NASA’s Spitzer Space Telescope spied something magical: gigantic bubbles in space with stars trapped inside them.
Spitzer, which observes our galaxy in infrared light, captured a new image in Aquila, or the Eagle constellation. The region is active with star formation.
A large cloud of gas and dust, both necessary ingredients and byproducts of star formation, dominates the image. Within the cloud are large bubbles, estimated by astronomers to be between ten and 30 light-years across. These bubbles likely reached such a massive size because the young stars forming in this region release wind and radiation.
Within the bubbles themselves are hundreds and even thousands of stars.
Scientists at NASA noticed more than 30 bubbles in the image.
There are patterns and even borders created in this region, largely due to the stellar wind coming off of the stars. Stellar wind is the flow of particles releasing from each star.
Darker veins seen in the image are even denser areas of dust and gas where future star formation will likely occur.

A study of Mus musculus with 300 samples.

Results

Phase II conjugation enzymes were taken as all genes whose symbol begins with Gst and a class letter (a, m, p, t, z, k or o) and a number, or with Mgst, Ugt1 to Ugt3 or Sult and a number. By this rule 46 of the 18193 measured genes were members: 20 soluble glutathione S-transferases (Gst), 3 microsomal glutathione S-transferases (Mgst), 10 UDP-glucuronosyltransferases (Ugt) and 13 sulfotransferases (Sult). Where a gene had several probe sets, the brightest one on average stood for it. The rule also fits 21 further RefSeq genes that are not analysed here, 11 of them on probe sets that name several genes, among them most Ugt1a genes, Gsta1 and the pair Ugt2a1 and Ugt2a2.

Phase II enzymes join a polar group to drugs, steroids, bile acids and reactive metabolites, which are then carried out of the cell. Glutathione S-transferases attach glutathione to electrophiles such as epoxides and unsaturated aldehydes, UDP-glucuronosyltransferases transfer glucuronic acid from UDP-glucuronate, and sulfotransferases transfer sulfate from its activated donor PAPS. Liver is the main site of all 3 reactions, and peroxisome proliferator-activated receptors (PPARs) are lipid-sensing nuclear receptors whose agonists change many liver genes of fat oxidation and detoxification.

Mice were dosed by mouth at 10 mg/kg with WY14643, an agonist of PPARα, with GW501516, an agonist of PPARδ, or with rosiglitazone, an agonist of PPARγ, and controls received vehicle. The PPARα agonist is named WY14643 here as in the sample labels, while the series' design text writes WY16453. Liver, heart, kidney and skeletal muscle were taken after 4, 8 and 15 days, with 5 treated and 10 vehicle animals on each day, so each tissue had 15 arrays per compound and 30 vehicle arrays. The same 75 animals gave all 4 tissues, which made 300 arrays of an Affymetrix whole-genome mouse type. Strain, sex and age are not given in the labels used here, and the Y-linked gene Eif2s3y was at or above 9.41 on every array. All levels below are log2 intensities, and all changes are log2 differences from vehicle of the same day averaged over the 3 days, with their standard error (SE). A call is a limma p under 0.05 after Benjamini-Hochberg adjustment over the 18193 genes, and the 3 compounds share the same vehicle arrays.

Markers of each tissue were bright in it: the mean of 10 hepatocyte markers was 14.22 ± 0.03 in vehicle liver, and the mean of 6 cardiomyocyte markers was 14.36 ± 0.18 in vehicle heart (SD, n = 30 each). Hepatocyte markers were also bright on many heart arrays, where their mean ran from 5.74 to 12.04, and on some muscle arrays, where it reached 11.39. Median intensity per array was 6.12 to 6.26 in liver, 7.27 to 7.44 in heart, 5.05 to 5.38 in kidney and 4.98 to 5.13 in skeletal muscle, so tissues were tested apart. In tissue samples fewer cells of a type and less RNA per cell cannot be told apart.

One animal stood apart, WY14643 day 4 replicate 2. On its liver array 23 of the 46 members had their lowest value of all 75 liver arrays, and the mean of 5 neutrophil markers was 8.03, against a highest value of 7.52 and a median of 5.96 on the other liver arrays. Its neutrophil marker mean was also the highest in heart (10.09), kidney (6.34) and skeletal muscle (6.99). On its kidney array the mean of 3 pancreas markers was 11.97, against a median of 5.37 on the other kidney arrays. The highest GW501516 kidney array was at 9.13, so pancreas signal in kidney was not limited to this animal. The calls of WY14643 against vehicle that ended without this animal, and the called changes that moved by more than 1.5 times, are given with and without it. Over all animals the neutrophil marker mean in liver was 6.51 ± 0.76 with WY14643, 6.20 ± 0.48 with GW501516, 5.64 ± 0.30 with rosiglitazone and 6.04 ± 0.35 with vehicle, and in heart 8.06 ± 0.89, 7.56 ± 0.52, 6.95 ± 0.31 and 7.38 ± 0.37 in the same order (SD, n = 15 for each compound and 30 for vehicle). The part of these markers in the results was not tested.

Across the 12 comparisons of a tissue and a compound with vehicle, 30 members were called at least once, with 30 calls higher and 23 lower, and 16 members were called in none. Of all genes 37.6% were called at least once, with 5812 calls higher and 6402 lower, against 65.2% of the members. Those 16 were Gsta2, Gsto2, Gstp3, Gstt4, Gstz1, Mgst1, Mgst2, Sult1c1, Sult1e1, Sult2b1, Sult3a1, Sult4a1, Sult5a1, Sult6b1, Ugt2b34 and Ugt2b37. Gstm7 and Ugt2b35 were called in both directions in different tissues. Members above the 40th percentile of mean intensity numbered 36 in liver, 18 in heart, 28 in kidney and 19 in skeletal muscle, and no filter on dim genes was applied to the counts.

And space observatories like Spitzer spot details in infrared that would never be captured by visible light telescopes, acting like a cosmic detective. This dusty region wouldn’t be apparent using visible light.
In the image, the stars are blue, dust is green and red signifies dust that has been heated by the stars.
In the past, Spitzer has peered into the cosmos and captured regions hidden from our view, like the centers of galaxies and dusty areas where stars are born and planetary systems form.
The Spitzer Space Telescope is in NASA’s Great Observatories family. Spitzer detects infrared light, while Hubble captures visible and UV light, Compton was designed for gamma rays and Chandra sees X-rays.